Reported by: Josh Bernstein
Email: jbernstein@abc15.com
Last Update: 5/21 8:42 pm
Video Click the play button on the video window to the right to see the story

A team of attorneys claim the Maricopa County Sheriff's Office is improperly clearing cases.

Eight years ago, when Abigail Brown was just 14 years old, she claims she was sexually assaulted by several of her high school classmates.

"My life in high school, pretty much became unbearable, so I ended up dropping out," said Brown at a press conference Thursday morning.

Brown says the alleged assault was reported to the Maricopa County Sheriff's Office.

"The investigation never produced any action, but only left me more exposed and unprotected to the men that were involved," Brown said.

That's because the former Valley resident claims detectives failed to properly investigate her case.

Brown and her team of attorneys say the case was "exceptionally cleared."

That's a technical term that means a suspect or suspects has been identified, but for some "exceptional" reason could not be charged.

"One example is because the suspect is dead or is currently incarcerated and can not be extradited," said Clint Bolick an attorney with the Goldwater Institute in Phoenix, Arizona.

Bolick has teamed up with Brown's attorneys to challenge the Maricopa County Sheriff's Office policy of exceptionally clearing cases.

They claim, "75 percent of the cases cleared by MCSO are cleared by exception."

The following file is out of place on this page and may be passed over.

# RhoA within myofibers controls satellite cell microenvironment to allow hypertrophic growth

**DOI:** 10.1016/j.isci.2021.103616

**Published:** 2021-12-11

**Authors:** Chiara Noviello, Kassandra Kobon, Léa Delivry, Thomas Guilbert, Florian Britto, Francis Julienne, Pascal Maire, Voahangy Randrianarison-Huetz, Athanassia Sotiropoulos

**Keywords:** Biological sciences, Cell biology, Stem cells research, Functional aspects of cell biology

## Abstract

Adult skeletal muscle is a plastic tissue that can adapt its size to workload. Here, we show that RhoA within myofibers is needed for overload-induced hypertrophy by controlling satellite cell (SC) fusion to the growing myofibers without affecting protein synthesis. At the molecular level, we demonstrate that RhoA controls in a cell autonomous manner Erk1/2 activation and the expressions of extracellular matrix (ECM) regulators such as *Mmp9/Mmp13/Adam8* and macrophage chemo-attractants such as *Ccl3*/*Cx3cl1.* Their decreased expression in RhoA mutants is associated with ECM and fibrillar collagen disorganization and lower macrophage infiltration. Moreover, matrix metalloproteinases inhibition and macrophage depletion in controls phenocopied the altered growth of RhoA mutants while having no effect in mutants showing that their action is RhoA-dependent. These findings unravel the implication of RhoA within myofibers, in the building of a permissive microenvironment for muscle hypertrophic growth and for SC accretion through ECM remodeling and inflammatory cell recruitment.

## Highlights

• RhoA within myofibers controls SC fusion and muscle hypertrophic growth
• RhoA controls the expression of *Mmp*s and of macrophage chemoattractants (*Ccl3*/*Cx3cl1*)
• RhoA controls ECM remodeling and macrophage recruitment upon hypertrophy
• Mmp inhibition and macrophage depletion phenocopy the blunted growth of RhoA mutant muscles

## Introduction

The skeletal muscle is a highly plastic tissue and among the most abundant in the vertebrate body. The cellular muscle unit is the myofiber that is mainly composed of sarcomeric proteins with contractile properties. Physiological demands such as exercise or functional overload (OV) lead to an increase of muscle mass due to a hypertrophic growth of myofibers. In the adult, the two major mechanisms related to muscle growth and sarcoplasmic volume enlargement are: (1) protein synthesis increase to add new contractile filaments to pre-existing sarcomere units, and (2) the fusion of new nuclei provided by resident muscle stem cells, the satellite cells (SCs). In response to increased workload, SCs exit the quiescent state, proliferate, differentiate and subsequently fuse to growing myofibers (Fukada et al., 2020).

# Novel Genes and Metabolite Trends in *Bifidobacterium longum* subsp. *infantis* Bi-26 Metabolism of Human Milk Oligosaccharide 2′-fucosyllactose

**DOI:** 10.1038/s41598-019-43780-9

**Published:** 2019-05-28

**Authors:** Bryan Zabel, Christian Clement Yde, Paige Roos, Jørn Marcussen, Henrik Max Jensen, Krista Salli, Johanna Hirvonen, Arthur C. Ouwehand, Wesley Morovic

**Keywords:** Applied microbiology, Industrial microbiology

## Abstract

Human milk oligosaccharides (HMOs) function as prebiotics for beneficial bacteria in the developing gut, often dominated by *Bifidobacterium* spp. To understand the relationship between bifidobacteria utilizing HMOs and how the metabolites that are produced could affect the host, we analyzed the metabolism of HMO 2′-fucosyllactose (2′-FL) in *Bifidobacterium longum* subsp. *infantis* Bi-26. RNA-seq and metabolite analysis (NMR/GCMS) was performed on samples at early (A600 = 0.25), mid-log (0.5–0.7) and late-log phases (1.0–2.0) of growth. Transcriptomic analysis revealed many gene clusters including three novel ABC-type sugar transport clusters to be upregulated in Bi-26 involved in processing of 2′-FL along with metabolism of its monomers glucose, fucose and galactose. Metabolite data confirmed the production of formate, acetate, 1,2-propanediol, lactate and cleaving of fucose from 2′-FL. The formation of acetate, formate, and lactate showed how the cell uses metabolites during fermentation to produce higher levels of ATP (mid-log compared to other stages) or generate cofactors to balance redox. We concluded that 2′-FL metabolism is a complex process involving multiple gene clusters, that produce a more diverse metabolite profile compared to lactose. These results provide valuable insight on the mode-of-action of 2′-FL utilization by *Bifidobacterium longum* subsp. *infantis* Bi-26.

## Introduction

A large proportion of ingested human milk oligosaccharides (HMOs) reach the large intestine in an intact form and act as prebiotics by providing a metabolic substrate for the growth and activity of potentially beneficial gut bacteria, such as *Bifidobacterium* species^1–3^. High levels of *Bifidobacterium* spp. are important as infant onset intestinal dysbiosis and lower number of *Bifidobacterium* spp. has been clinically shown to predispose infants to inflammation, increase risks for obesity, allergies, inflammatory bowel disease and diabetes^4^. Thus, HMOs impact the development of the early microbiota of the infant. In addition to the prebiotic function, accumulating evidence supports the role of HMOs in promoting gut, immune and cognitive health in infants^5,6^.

According to records obtained from the Maricopa County Sheriff's Office, Bolick said, "Only 18 percent of the cases cleared by MCSO were cleared by arrest."

Bolick went on to say, "that is simply absurd."

In a statement to ABC15, the Sheriff's Office claimed, "The Goldwater Institute’s report cites the FBI’s Uniform Code Reporting handbook, which is a voluntary crime-reporting program to compile statistical information and reports. The UCR is not intended for oversight on how law enforcement agencies clear cases."

The statement goes on to state, "The Sheriff’s Office has its own criteria for clearing cases. We are currently looking into the example case given by the Goldwater Institute. At first glance, it appears that this case appropriately falls under the specified criteria for “exceptionally cleared”, however the Office cannot intelligently comment on this case until we have had time to review the facts of the case."

Meanwhile, Abigail Brown and her team of attorneys are demanding a review of all exceptionally cleared cases by the Maricopa County Sheriff's Office.

They are also calling on state lawmakers to require all law enforcement agencies to annually report the number of cases cleared by exception.